Tips for Navigating Picky Eating

Feeling frazzled about your kiddies picky eating? You’re not alone. Picky eating is a common complaint among parents, with as many as 50% of parents considering their kindergarten aged child a fussy eater.

Picky or fussy eating is the unwillingness to eat familiar foods or try new foods, as well as strong food preference. A little one’s favourite thing to eat may be a hit one week, then quite literally hit the floor the next!

Kids can turn their nose up to food for a variety of reasons, including but not limited to:

  • Their development stage. During early childhood, children may be more sceptical about trying new foods or have a more limited range of foods they’re willing to try.
  • Food aversions to texture, smell, taste or sight. This may lead to visceral reactions when eating like gagging, spitting or avoiding swallowing.
  • Role modelling the eating habits of those around them. If you make it known you don’t enjoy certain foods, they may follow suit!
  • Associated rewards or punishment with food. Getting treated with food when doing something good can associate food with rewards.
  • Bad experiences. If they’ve had a negative experience with a food previously, like a bout of food poisoning or were pressured to eat something they may avoid eating it in the future.

Ending dinner time battles can be a gradual process, with love, patience and persistence often necessary.

Here are 5 helpful tips to help your picky eater accept, and even learn to enjoy foods:

  1. Start small. When trying new foods, small portions are often better received. Larger portions can be overwhelming and cause food refusal on the basis of serving size alone! When offering a new food, start with a small amount – even one or two bites – with the goal of slowly increasing serving size at future meals.
  2. Try a variety of tastes and textures. Children can have big time texture hang-ups. Boiled carrots might not hit the mark but roasting them could be a totally different experience! Give different cooking styles a shot, remembering that if they don’t like it the first time to try again at a later date. Be sure to offer foods at the right consistency, shape and size for your child’s development and age.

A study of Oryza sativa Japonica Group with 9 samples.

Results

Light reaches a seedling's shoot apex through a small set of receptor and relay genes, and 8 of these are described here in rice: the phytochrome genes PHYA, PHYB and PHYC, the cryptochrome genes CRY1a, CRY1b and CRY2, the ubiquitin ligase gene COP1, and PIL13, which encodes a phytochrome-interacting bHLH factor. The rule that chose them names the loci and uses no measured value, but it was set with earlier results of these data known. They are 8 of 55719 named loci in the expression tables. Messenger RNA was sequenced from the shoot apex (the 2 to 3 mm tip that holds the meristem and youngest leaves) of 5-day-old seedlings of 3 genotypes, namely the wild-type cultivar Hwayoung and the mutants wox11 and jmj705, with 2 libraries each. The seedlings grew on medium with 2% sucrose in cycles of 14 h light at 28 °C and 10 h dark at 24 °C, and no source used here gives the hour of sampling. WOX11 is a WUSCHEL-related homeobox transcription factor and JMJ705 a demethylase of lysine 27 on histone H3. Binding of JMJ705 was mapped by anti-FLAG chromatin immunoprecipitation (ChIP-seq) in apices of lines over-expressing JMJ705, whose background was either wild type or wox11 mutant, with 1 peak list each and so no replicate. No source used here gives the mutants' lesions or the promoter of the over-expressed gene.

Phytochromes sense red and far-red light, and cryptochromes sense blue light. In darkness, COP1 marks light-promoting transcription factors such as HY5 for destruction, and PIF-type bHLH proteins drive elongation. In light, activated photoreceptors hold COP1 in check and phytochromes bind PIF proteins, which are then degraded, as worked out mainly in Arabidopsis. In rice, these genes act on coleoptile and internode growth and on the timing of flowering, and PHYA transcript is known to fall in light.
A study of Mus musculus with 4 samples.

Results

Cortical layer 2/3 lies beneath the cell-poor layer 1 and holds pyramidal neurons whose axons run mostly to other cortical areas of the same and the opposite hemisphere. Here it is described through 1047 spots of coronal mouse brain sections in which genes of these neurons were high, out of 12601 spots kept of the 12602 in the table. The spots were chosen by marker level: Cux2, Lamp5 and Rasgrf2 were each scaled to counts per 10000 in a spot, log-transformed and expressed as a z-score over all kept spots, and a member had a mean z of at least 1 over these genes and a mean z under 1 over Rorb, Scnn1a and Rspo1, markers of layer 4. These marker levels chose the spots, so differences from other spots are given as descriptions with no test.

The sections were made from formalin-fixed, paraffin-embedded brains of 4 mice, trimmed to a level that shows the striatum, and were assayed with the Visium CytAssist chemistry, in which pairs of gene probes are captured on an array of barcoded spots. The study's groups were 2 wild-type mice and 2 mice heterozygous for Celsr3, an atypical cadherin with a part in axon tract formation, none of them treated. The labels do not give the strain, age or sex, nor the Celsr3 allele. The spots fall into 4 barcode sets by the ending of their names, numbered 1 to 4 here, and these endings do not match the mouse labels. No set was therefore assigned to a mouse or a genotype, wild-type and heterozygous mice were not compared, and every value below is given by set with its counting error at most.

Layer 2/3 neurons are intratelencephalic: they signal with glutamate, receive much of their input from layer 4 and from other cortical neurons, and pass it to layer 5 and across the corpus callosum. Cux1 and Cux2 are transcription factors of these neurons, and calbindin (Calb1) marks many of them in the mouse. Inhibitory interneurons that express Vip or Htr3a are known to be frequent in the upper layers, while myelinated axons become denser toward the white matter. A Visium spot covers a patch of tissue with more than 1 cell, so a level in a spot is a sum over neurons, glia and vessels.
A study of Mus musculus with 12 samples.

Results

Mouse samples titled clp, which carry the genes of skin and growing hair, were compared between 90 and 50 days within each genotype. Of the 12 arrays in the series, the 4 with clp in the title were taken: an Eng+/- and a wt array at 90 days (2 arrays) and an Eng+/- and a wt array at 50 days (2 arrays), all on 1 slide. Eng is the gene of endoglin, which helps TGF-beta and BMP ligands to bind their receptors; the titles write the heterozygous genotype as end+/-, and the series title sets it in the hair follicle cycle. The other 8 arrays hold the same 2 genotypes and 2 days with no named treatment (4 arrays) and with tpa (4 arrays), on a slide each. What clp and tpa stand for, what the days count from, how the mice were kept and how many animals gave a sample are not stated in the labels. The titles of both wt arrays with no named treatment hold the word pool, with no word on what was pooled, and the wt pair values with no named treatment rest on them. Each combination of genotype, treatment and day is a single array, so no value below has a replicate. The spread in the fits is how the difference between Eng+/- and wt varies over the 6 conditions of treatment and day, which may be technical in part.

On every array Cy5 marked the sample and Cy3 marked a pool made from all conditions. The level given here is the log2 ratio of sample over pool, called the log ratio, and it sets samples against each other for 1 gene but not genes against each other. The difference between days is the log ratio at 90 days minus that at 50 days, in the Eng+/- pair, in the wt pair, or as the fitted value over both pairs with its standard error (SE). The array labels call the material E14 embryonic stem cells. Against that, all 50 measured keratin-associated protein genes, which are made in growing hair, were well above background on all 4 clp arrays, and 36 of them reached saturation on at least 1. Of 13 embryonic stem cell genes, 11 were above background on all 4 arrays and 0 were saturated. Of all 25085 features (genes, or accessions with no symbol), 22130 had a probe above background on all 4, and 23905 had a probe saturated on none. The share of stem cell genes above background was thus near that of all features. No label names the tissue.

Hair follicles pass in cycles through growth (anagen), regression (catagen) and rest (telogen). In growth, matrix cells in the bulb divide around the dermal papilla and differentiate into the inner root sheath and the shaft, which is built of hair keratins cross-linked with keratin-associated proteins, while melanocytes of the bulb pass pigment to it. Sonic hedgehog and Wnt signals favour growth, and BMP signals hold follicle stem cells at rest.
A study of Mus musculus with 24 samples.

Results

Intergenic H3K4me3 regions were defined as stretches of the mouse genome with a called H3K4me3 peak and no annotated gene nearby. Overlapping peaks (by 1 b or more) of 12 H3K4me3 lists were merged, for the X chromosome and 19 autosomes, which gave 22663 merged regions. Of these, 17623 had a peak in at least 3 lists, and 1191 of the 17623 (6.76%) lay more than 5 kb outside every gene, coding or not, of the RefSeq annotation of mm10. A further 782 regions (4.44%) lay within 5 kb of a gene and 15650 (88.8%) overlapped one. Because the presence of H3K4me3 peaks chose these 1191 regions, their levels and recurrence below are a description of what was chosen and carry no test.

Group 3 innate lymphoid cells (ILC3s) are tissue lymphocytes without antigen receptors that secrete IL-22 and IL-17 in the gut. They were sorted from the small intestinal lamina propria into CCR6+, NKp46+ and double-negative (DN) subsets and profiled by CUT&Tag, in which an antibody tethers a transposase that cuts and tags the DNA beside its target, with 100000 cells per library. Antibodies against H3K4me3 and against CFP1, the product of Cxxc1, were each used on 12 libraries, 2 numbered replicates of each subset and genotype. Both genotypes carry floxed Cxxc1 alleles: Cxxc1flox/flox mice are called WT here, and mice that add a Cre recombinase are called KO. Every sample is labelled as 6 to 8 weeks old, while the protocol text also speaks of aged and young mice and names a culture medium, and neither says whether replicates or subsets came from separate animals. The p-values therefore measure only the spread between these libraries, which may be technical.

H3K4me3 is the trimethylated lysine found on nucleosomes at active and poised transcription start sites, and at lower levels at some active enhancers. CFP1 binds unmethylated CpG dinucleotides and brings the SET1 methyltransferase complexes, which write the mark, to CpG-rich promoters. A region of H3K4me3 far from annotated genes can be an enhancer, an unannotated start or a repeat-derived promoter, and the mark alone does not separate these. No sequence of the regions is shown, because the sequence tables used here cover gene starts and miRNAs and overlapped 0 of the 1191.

3. Be a food role model. Little ones primarily learn about food by the habits and food environment around them. Making nutritious eating the norm and having opportunities for them to watch you eat and enjoy nutritious foods, will give them confidence to try new foods.
  4. Get them engaged. One of the best ways to open kids up to trying new foods is to get them involved. This might look like offering different snack ideas for their lunchbox and having them choose which one they want, leading to ownership and buy-in. Or maybe it’s picking out a kid-friendly recipe that they think looks good to make together as a fun activity, whether that’s stirring the mixing bowl while baking or sprinkling toppings overtop of a pizza. Even establishing a small vege pod and having them grow their own cherry tomatoes might aid in interest and enjoyment.
  5. Avoid rewards/punishments being associated with food. Offering food as rewards, manifesting in the all-too common catch phrase of ‘if you eat your vegetables you can have dessert’, can make the reward food more desirable and healthy food less desirable. Instead, try a verbal praise to let them know they’ve done well or let them pick a game to play after dinner. These non-food related awards can help promote food neutrality and acceptance.
  6. Try and make it fun! Where possible make a little smiley face on the toast using some banana ears and blueberries for eyes and a nose or arrange fruits and vegetables in a fun pattern like making a them into a rainbow.

If your child’s eating habits are leading to nutritional concerns, consider seeking advice and support from a healthcare professional.